Monday, August 8

Brainstorm: The New Curriculum for E-Learning Developers

I have a question for this community. If you were a university offering an advanced degree in Instructional Technology, what are the tools (not philosophies) you would strongly urge your students to learn?


Stuart Kruse said...

I'm not sure you should teach specific tools as this dates knowledge incredibly quickly. However, so I don't stray too far from your post, I'd say I'd teach them to program (in fact I'd force them to do a whole development lifecycle from requirements to design to development to testing). I've found ID people who have done technical work pick up new technology/tools very quickly and also have a very good understanding of what interactivity works under different constraints.

Anonymous said...

I have been a programmer on eLearning projects for the past eight years, and I have used a wide variety of technologies on my projects. There are many tools that I have learned how to use over the years that are now sitting on my bookshelf. I am sure that the tools will continue to develop and change. As a result, it is hard to pick just one tool or technology.

But, even with all of the change, there has been one central tool that has played a role on almost all of my projects, the word processor. Most people can figure out how to type, spell check, and save documents in a word processor, but it seems that very few people know how to take advantage of the advanced features that a program such as Microsoft Word has to offer.

I have found that my projects have been more successful when the project begins with a properly designed document template and styles. Properly formatted content can then be more easily converted into Instructor and Student Guides, help manuals, PowerPoint presentations and be copy and pasted into other applications.

So, if I had to select just one tool to teach everyone who wanted to work on eLearning projects, I would teach everyone how to take advantage of the advanced features of Microsoft Word.

Alan said...

* Image creation/manipulation/optimization, ideally medium level skills in PhotoShop/PaintShopPro
* Basic audio editing, working on a timeline, application of filters. These days it is hard to beat the features at the price (free) of Audacity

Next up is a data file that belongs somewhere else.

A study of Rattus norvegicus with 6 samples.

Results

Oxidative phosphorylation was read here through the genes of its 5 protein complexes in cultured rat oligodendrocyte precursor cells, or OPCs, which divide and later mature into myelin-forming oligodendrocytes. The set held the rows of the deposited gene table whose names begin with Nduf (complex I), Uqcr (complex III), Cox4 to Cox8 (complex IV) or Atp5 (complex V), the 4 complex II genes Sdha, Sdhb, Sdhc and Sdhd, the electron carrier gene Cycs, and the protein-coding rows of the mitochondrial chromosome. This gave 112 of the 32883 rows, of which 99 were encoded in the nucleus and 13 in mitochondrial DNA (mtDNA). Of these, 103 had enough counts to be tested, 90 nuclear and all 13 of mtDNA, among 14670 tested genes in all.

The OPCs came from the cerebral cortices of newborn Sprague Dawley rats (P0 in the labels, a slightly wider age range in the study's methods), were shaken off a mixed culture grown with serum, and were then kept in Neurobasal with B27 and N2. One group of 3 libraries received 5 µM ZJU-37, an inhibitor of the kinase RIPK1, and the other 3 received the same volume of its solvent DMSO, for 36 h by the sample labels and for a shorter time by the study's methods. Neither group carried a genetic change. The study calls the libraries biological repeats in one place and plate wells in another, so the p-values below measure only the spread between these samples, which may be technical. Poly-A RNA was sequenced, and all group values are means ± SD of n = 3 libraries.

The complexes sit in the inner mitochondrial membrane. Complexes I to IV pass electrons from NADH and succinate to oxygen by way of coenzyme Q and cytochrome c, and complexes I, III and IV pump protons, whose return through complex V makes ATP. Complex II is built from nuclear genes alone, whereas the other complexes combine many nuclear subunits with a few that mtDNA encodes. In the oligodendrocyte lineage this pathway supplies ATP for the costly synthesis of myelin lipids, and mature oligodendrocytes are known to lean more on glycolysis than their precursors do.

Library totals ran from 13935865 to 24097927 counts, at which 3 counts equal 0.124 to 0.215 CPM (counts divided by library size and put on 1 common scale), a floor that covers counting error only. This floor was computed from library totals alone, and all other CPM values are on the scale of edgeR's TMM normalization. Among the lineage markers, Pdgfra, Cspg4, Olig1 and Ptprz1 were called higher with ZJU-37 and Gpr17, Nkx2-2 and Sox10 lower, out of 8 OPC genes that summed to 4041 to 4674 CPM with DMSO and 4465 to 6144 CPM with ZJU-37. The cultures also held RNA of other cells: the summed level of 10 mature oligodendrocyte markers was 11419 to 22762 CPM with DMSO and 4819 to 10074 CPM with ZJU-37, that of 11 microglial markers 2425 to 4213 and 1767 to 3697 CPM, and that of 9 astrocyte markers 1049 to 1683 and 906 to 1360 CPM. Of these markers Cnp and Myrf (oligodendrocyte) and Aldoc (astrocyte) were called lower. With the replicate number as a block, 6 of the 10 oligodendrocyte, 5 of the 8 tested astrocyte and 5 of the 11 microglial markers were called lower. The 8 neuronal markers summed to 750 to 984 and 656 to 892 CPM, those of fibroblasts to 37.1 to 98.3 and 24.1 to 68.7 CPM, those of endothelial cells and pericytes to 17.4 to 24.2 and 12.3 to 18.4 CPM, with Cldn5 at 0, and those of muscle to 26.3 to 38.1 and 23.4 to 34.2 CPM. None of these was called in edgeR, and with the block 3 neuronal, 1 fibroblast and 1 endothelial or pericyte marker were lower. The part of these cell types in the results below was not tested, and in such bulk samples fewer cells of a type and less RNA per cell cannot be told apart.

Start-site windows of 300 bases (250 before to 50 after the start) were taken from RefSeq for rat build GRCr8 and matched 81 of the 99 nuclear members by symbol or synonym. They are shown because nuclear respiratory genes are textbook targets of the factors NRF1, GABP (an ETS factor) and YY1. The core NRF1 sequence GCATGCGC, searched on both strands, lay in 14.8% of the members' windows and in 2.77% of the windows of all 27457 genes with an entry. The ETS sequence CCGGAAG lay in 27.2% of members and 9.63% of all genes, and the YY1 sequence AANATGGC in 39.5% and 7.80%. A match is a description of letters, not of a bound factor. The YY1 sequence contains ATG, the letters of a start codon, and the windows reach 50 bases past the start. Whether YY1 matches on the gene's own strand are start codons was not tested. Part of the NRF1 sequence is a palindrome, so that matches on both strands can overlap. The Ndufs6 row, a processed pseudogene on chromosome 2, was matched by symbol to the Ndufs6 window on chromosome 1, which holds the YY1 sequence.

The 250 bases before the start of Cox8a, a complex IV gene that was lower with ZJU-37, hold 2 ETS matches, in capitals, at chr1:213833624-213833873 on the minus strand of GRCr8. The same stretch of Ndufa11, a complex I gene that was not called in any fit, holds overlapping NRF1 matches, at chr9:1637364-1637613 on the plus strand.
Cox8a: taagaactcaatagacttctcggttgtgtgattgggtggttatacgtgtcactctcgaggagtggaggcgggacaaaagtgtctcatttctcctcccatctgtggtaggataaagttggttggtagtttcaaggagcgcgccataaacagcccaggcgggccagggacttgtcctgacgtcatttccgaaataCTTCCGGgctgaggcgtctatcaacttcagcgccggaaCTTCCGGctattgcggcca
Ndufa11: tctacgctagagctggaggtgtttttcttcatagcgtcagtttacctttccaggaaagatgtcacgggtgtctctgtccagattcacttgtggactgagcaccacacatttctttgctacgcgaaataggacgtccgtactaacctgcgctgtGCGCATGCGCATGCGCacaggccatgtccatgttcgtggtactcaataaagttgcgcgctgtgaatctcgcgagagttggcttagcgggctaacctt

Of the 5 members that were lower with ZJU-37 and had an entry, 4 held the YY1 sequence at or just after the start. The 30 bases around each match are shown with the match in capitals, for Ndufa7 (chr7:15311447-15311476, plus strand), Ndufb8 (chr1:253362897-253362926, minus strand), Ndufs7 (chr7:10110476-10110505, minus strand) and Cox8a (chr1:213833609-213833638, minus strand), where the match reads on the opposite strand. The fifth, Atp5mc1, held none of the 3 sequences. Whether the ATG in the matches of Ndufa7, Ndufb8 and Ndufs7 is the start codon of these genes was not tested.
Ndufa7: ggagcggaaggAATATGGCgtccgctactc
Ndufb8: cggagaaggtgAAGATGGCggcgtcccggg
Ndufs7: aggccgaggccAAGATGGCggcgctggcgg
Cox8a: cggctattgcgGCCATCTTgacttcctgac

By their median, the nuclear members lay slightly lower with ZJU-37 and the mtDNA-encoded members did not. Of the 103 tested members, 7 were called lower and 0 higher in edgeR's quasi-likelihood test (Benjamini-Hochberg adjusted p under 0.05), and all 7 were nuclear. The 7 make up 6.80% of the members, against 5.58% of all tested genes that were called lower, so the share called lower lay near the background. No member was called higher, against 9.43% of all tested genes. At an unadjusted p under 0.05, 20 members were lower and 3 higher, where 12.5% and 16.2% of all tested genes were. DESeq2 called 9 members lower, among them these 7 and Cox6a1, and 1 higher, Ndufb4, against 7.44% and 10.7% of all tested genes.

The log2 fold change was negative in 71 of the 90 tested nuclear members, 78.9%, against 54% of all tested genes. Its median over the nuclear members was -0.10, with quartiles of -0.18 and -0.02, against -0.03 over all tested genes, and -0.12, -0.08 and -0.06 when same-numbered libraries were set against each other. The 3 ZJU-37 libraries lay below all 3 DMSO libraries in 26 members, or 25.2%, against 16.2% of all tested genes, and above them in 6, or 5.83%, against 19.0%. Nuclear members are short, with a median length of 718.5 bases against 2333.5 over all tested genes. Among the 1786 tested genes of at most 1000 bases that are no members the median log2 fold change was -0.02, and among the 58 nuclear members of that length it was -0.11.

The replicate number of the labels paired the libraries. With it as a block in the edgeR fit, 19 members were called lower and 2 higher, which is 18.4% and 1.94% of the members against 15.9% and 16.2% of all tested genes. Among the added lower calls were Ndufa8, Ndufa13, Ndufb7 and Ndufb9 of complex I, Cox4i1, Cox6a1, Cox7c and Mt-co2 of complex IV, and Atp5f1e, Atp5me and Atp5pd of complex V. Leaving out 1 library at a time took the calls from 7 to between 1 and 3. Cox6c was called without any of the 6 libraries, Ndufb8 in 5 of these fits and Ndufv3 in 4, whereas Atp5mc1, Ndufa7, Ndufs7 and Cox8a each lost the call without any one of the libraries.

* HTML/CSS down to text editor level. WYSIWIG editors are fine to use, but an underpinning knowledge of how web content is constructed is critical
* Some sort of programming, scripting to generate interactivity. anywhere from JavaScript to ActionScript/Lingo to PHP/ASP
* Data management/manipulation, from database (e.g. mySQL) to even manipulation of batches of number in Excel

The tools are ephemeral, the transference a better goal. Better yet are the information literacy skills to develop a network of resources and people you can tap into for what you do not know.

SkyDaddy said...

Agreed with the above comments.

An instructional designer is like an architect or design engineer. They may not be proficient with the tools used on the job site or factory floor, but they need to know what's possible, what's easy, and what's hard.

Re technology, they should be able to write basic code in an interpreted scripting language and an object-oriented language.

They also need to be able to *write* clearly and concisely, so the "tool" of technical writing should be taught.

They need to be able to communicate with a project team, sponsors, and clients, so the basics of Excel, Project, and Powerpoint are important.

jay said...

Networks: social, information, etc.
Ecology, complexity, biology
Cognitive science
Art appreciation

...but mostly apprenticeship in a variety of situations. Perhaps some prototyping under the rules of Extreme Programming.

Anonymous said...

I would have to agree with ‘mindful learner’ and Corrie, some of the most powerful tools in my kit bag are those developed through going through an object orientated multimedia design and development lifecycle.

I came into ID through the backdoor in 2000. I started off life as a html hacker for a small courseware development company but quickly realised I was lacking some key competencies (usability, accessibility, design/development strategies) so went back to Uni for a year to do a MSc in Interactive Systems Design (the proliferation of e-Learning degrees were but a twinkle in the Institution’s eyes). The course was a great eye-opener particularly in terms of HCI (c/o Benyon and Tuner & Tuner).

Because of the funding for the course there was a lot of JAVA programming (much to the dismay of all the BA students), in retrospect the hours I spent poring over and designing code was key. As an object orientated language there is so much that I learned then and that I still use now but in a different context. Probably the most useful tool in terms of design was geeting to grips with Unified Modelling Language (UML). The great thing about UML is it’s not only a design tool it’s also a communication tool, and as architects of learning communication is key.